The thought of silverware will be far from the minds of Newcastle United and Sunderland supporters when the fierce rivals meet at St James' Park on Sunday, but there is a strong argument to be made that this is also the biggest Tyne-Wear derby in a generation.
The north-east of England is a true football hotbed, with Newcastle and Sunderland continually vying for supremacy in the region.
There is far more than just local pride and bragging rights up for grabs this time around though, as the two sides are mired in relegation trouble, and victory in this weekend’s encounter would mean a giant step towards Premier League safety.
Indeed, while Norwich City are still in with a chance of avoiding the drop, given their poor form and Aston Villa almost certainly being already doomed, it is a straight head-to-head tussle between Newcastle and Sunderland in the battle to dodge demotion to the Championship.
Given that every top flight outfit in 2016/17 is guaranteed £81 million (Dh429.7m) from domestic television rights alone, staying up this season would be significant for the long-term future of both clubs.
The pair's struggles this year are far from isolated occurrences. Newcastle, who went down to the second tier in 2009 with a squad containing players such as Michael Owen, Damien Duff and Obafemi Martins, only guaranteed their survival on the final day of last term, beating West Ham United 2-0 having previously taken just nine points from a possible 54 in the 18 matches after New Year's Day.
Sunderland, meanwhile, have spent the last few campaigns languishing in and around the relegation zone.
In each of the last three full seasons, they have started badly before changing managers and ultimately scrambling clear of danger with some last-gasp heroics.
This campaign, which has seen Sam Allardyce replace Dick Advocaat in the dugout as Sunderland sat second-bottom in October, has followed the same pattern thus far.
Mismanagement at various levels has plagued both outfits, who have the potential to be doing a whole lot better.
Sunderland and Newcastle attracted higher average attendances than teams of the calibre of Roma, Chelsea, Juventus, Porto, AC Milan and Inter Milan last term, yet all the duo had to show for such support was 16th and 15th-place finishes respectively.
The ingredients are there for Europa League qualification and runs into the latter stages of the domestic cups, but for now the sole objective at St James’ Park and the Stadium Of Light is to finish 17th in the table.
Newcastle’s recent appointment of former Liverpool, Chelsea and Real Madrid coach Rafa Benitez – who began the campaign managing Cristiano Ronaldo and will end it coaching Emmanuel Riviere – in place of Steve McClaren is a last-ditch attempt to help them achieve that end.
While the squad at the Spaniard’s disposal features a handful of players that many top-half teams would welcome, Newcastle seem to be stuck in a rut that could be difficult to escape.
Sunderland's form makes for slightly more positive reading, although Allardyce will know that the four points dropped from winning positions against Crystal Palace and Southampton this month could prove costly.
January signings Jan Kirchhoff, Lamine Kone and Wahbi Khazri have made a difference, but a record of no clean sheets since November highlights the defensive issues that remain.
Sunderland have come out on top in the last six derbies between the pair, four of which took place not long after they had unveiled a new manager.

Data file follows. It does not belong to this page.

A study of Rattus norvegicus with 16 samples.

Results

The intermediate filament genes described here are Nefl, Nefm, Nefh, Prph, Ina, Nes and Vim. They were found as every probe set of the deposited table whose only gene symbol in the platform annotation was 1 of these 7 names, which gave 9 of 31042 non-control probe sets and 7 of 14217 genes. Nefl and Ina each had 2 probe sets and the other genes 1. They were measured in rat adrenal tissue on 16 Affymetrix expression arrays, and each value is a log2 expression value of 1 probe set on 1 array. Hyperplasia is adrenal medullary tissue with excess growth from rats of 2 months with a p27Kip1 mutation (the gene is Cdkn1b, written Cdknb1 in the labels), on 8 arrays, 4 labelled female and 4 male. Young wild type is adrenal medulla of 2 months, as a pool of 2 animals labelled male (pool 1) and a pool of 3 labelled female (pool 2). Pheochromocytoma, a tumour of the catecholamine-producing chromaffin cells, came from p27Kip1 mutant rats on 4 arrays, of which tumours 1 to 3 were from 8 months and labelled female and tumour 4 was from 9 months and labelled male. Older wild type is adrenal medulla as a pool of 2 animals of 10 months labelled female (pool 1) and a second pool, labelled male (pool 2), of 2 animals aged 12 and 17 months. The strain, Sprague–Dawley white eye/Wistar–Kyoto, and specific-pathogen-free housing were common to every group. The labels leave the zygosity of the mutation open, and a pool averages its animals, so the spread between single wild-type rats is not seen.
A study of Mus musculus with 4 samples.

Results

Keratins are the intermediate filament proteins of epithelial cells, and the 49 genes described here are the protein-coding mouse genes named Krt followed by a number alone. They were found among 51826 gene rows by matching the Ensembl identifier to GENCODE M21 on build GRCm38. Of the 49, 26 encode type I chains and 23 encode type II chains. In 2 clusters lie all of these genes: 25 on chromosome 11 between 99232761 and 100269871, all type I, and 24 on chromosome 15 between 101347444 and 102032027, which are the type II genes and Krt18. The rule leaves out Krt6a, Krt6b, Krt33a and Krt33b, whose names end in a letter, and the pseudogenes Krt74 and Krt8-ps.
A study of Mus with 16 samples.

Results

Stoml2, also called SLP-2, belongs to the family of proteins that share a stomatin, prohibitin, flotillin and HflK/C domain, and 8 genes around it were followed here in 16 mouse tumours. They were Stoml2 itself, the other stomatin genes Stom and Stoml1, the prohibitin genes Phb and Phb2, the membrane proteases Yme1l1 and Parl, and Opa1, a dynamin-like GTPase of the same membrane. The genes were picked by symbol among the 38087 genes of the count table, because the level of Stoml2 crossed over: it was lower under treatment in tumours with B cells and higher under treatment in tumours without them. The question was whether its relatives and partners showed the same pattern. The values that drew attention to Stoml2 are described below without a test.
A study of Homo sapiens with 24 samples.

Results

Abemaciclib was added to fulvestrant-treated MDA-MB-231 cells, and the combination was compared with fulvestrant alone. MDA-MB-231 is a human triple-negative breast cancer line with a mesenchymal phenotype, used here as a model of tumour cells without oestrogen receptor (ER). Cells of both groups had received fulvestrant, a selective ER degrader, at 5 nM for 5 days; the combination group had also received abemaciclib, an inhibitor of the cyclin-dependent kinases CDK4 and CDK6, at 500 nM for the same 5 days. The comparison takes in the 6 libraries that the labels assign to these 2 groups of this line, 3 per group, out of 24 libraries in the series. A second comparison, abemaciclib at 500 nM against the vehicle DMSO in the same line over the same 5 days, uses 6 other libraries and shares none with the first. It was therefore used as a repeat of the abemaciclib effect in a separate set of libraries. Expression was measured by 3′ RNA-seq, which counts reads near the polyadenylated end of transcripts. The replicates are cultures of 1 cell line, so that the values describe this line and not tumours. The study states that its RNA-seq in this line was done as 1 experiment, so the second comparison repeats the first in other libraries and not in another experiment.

Newcastle’s decision to swap McClaren for Benitez was perhaps inspired by the hope of achieving a similar bounce against their rivals on Sunday. Whether it works or not will play a major part in deciding the fate of both of these relegation-threatened clubs’ seasons.
Nervy times for Palace
While both Newcastle and Sunderland would happily swap positions with Crystal Palace, Alan Pardew’s charges are still not completely safe from the threat of relegation.
The eight-point margin separating them from the bottom three seems sizeable enough, but Palace's 12-match winless run is cause for concern at Selhurst Park ahead of Saturday's meeting with league leaders Leicester City.
Things looked extremely bright for Palace after their last victory in the top flight, a 2-1 triumph at Stoke City on December 19 that put them in sixth spot, level on points with Uefa Champions League-chasing Tottenham Hotspur and Manchester United.
The slump since then has been remarkable, eight losses and four draws seeing Pardew’s men slide down to 15th place and begin to glance nervously over their shoulders.
Although Palace have been able to successfully negotiate a tricky run to the FA Cup semi-finals in the meantime – curiously, their barren league stretch did not preclude them overcoming Southampton, Stoke City and Tottenham in the knockout competition – their season is in danger of drifting into disappointment unless they get their act together soon.
In fairness to Palace, there has been an upturn in performances, if not results, in their last couple of outings.
They were the better team against Sunderland at the start of the month but only managed a 2-2 draw, while Liverpool were outplayed at Selhurst Park for over an hour two weeks ago, only for the hosts to lose late on after throwing away a one-goal lead.
With more tough assignments against West Ham United, Arsenal and Manchester United to come in the next month, Palace will be desperate to find their best form again and take something from this weekend’s clash with Claudio Ranieri’s table-toppers.
One more win may be all that is needed to secure their Premier League status, and Pardew will be keen for his side to get it sooner rather than later.